LOS ANGELES – Selected patients can safely undergo percutaneous coronary intervention and go home later the same day, according to experience with a series of 13 patients treated at one U.S. center.
The 13 patients had no cardiac or access-site complications during their first day after leaving the hospital, and by sending patients home 4-6 hours after their PCI the hospital where they were treated gained $1,884 of added margin per patient compared with hospitalizing them overnight, Dr. Quinn Capers IV said at the annual scientific sessions of the American Heart Association.
Hospitals run up fewer direct costs and patients prefer it, said Dr. Capers, an interventional cardiologist at Ohio State University in Columbus. Another key feature of his program is limiting same-day discharge to patients who undergo PCI via radial-artery access. Although other U.S. groups have had positive experiences with same-day discharges following PCI by femoral-artery access (JAMA 2011;306:1461-7), "I feel more comfortable sending home patients after radial-artery access than after femoral access," Dr. Capers said.
The 13-patient experience that Dr. Capers reported from Ohio State is dwarfed by some other programs. For example, Dr. Ian C. Gilchrist, who cochaired the session in which Dr. Capers presented his paper, spoke about his program’s experience with 300-400 PCI patients who went home within a few hours after their procedure.
"We do about 85% of our elective PCI patients same-day," said Dr. Gilchrist, an interventional cardiologist and professor of medicine at Pennsylvania State University, Hershey. "We start off assuming that just about every elective PCI patient is a good candidate to go home the same day," he said in an interview. "Early on I was worried [about same-day discharge], but once we started doing it I realized that it really works." Among the 300-plus patients treated this way by Dr. Gilchrist and his associates, there was one patient who developed a complication in the first 24 hours he was home that potentially would have been identified sooner by keeping the patient hospitalized.
"Our main criteria [for same-day discharge] have been good social support for patients and a relatively nontraumatic procedure. Patients love it. The data on safety and other aspects of PCI speak to the ability to send these patients home after just a few hours of observation," he said.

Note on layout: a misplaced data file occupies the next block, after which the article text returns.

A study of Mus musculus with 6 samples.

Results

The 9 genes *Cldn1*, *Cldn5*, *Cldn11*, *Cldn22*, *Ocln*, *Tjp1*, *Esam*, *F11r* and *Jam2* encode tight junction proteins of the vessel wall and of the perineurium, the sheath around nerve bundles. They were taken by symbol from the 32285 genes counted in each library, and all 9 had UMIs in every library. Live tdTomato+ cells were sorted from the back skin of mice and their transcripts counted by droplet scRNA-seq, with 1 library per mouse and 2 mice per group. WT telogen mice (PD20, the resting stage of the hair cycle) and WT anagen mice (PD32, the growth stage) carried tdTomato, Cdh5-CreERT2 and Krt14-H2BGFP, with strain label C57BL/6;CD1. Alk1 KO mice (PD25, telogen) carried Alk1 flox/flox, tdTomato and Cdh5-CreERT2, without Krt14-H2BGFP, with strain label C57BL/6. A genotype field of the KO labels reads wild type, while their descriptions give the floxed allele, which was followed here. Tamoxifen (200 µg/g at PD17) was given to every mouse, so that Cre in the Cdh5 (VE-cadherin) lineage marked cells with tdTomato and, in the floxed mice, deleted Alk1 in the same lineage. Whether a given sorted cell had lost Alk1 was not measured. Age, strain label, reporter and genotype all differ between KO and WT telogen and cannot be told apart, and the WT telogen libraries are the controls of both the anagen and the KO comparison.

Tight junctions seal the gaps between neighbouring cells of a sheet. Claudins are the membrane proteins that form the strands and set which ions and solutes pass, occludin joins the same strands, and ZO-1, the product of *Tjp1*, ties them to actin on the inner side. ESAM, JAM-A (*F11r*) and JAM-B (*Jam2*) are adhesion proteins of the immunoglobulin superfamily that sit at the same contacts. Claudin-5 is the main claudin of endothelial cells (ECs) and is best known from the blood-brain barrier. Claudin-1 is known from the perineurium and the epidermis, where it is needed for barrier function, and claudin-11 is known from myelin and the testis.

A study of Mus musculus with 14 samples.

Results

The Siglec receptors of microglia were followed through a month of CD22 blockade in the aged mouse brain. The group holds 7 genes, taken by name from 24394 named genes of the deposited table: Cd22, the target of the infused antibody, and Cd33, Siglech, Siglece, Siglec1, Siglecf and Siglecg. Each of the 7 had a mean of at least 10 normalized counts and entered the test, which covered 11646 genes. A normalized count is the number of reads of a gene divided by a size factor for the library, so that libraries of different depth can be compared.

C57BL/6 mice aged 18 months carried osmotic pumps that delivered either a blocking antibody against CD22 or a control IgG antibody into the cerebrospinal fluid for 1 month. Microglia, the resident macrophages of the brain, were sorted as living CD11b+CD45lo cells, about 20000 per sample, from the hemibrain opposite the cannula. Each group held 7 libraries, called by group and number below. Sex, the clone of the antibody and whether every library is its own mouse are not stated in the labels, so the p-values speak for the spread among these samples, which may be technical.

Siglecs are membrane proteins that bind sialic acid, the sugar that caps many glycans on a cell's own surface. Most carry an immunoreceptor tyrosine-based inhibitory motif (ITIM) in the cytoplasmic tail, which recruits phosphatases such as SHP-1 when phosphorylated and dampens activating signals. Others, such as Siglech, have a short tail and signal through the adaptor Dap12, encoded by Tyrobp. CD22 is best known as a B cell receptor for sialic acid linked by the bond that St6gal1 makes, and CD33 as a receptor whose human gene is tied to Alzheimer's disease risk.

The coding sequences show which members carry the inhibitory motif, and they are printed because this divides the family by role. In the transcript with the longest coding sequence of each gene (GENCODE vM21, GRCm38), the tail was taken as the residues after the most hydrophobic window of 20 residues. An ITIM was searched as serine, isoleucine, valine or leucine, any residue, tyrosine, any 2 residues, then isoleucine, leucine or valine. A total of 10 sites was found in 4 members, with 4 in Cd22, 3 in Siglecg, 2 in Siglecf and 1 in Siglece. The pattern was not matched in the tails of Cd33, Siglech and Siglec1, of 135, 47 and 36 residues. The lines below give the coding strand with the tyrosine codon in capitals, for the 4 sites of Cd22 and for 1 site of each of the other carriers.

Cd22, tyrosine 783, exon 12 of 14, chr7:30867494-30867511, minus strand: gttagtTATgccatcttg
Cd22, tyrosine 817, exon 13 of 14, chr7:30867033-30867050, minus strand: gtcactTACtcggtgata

"We have a nurse practitioner talk with each patient before they come to the hospital to learn more about them, let them know there is a possibility that they can go home the same day, and to ask whether they have good social support. Most patients who don’t go home same day are those with more complicated procedures than we expected and those who don’t have someone who can keep an eye on them during their first night home. We do not a priori exclude patients because of their age, renal function, diabetes, or lung disease.
"About 98% of our same-day patients received radial-artery PCI," Dr. Gilchrist added. "I feel more comfortable sending patients home after a radial intervention. The only transfemorals we have done same day were patients who had a repeat PCI and went home same day the first time and who we couldn’t treat transradially for the repeat procedure. They insisted on going home the same day even after their femoral PCI."
Interventional cardiologists at Ohio State began offering same-day discharge post-PCI to selected patients in 2010. They limit the option to elective patients with preserved left ventricular and renal function and no significant left main or triple vessel disease. Patients also have to live within a 30-minute drive from the hospital and must be willing to return the next day for a brief follow-up assessment. The 13 patients ranged in age from 46 to 83 years.
Dr. Capers and his associates analyzed the direct costs and margins from these 13 patients and for 50 similar patients who had overnight stays in the months before same-day discharge became available. The analysis showed that the contribution margin per patient, calculated by subtracting direct costs from net revenue, was $5,667 for each of the 13 same-day discharges and $3,833 for each of the 50 patients who remained overnight at the hospital following their PCI, a difference of $1,834 per patient in favor of same-day discharges.
Dr. Capers said that he had no disclosures. Dr. Gilchrist has received honoraria from Terumo Medical.